Old favorites for new loves: lasagna
I recently wrote about how I am slowly developing a different relationship with cooking since Kevin died. Part of the challenge for me (and for many widowed people) has been giving myself permission to enjoy food and cooking since my spouse's death. I associate complex cooking with Kevin, so learning to relish it again is a whole new ballgame.
This past weekend I decided to make lasagna. This was never a big favorite of Kevin's, but my new sweetheart, C, loves it. I wanted to make it as a love letter for him yet the idea of cooking something complex and with passion felt a bit daunting. It felt like more than I could easily manage, that I'd get lost in the details and memories. It felt like I was cheating on Kevin.
I know that's not true, that loving C doesn't mean I love Kevin any less. C understands this and accepts Kevin as part of the package; if he's involved with me then Kevin is part of our relationship. I often feel as though C has a better handle on it than I do and I am deeply grateful that he can accept me with all that it means.
I wanted to make him a lasagna, as something delicious to relish, something special for him, something that tells him how I feel, something sensuous that we could share, yet there was that sense of discomfort. So I talked with him about it. C is a smart man and a wise one. He suggested we make it together. So we did. I'm sure K was there, in the steam from the sauce and the spices and the first shuddering bite. It was delicious. I am glad we made it, the two of us and the three.
Basic Italian-American lasagna, as taught to Laura by a friend's mom many years ago (alas, I forgot to take a picture. Imagine it please.)
- Make the sauce the day before you plan to assemble and cook the lasagna. You can make the sauce from scratch if you like, but I used two bottle of Classico basic red sauce. Saute and drain about half a pound of ground beef and the meat from two spicy Italian and one mild sausage links. Add this cooked meat, broken into small bits, to the sauce. I also added a chopped onion and a lot of chopped garlic, maybe 8 cloves. Let this all simmer on very low heat for a couple of hours, until the onion is translucent and tender. Let the sauce cool and refrigerate until you plan to assemble.
- The day of assembly:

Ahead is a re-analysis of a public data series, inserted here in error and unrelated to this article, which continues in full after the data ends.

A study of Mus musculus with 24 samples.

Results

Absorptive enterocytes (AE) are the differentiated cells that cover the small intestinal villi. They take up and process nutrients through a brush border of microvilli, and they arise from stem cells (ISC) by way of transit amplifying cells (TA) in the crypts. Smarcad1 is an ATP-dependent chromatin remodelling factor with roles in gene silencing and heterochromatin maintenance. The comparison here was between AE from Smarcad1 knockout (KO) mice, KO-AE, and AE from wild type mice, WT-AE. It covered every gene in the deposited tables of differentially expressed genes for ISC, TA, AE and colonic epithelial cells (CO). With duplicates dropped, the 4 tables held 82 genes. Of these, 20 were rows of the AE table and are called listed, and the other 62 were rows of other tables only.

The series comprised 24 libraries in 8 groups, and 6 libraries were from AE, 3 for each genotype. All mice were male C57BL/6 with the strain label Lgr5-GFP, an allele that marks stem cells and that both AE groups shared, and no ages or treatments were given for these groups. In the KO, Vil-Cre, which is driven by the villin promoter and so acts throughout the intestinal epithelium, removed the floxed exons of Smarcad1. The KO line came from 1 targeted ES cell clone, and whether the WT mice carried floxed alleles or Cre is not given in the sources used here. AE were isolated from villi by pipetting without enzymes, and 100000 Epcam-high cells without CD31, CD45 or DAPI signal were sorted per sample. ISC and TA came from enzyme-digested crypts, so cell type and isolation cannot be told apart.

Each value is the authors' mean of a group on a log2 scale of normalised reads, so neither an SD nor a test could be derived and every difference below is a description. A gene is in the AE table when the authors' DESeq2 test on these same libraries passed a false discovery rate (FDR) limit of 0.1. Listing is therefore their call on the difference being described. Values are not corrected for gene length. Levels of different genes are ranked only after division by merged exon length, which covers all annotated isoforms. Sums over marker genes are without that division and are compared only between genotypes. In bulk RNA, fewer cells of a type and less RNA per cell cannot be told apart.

- Mix a large container of whole-milk ricotta with an egg or two, enough that it will be stiff but spreadable. Add a good dose of freshly ground black pepper and about a cup of good grated parmesan cheese. I also add a small bunch of finely chopped parsley. Mix well. The parsley will be noticeable in the finished product so skip if you don't like parsley: I like the herby undertones, it lightens what is a very heavy dish.
- Cook and drain a box of lasagna noodles in well-salted water. They should be very al dente, soft enough that they don't break when you pour them out but still not floppy. Rinse with cool water so they don't stick. I've also made it without cooking the noodles at all, but you'll need to use more sauce as you assemble. I strongly prefer pasta made from semolina.
- Heat the sauce just enough that it's more spreadable. It will likely be very thick right out of the fridge.
- Shred at least a pound of mozzarella. I used closer to two pounds and used pre-shredded cheese, in all honesty.
- Preheat the oven to 400F.
- Set up all of your ingredients and assemble in a lasagna pan (I use a disposable foil pan because I don't own a baking dish deep enough) placed on a baking sheet. The baking sheet is important because it may bubble over and you don't want to have to clean that mess out of the oven.
- First put a little sauce in the bottom of the pan
- Layer noodles, ricotta, sauce, mozzarella.
- Try for at least three layers (ending with mozzarella).
- Cover with foil and bake. It will be heavy when you lift it. Check in 30 minutes. If it's all nice and bubbly uncover and let the edges brown.
- Allow to cool for at least 10 minutes before cutting.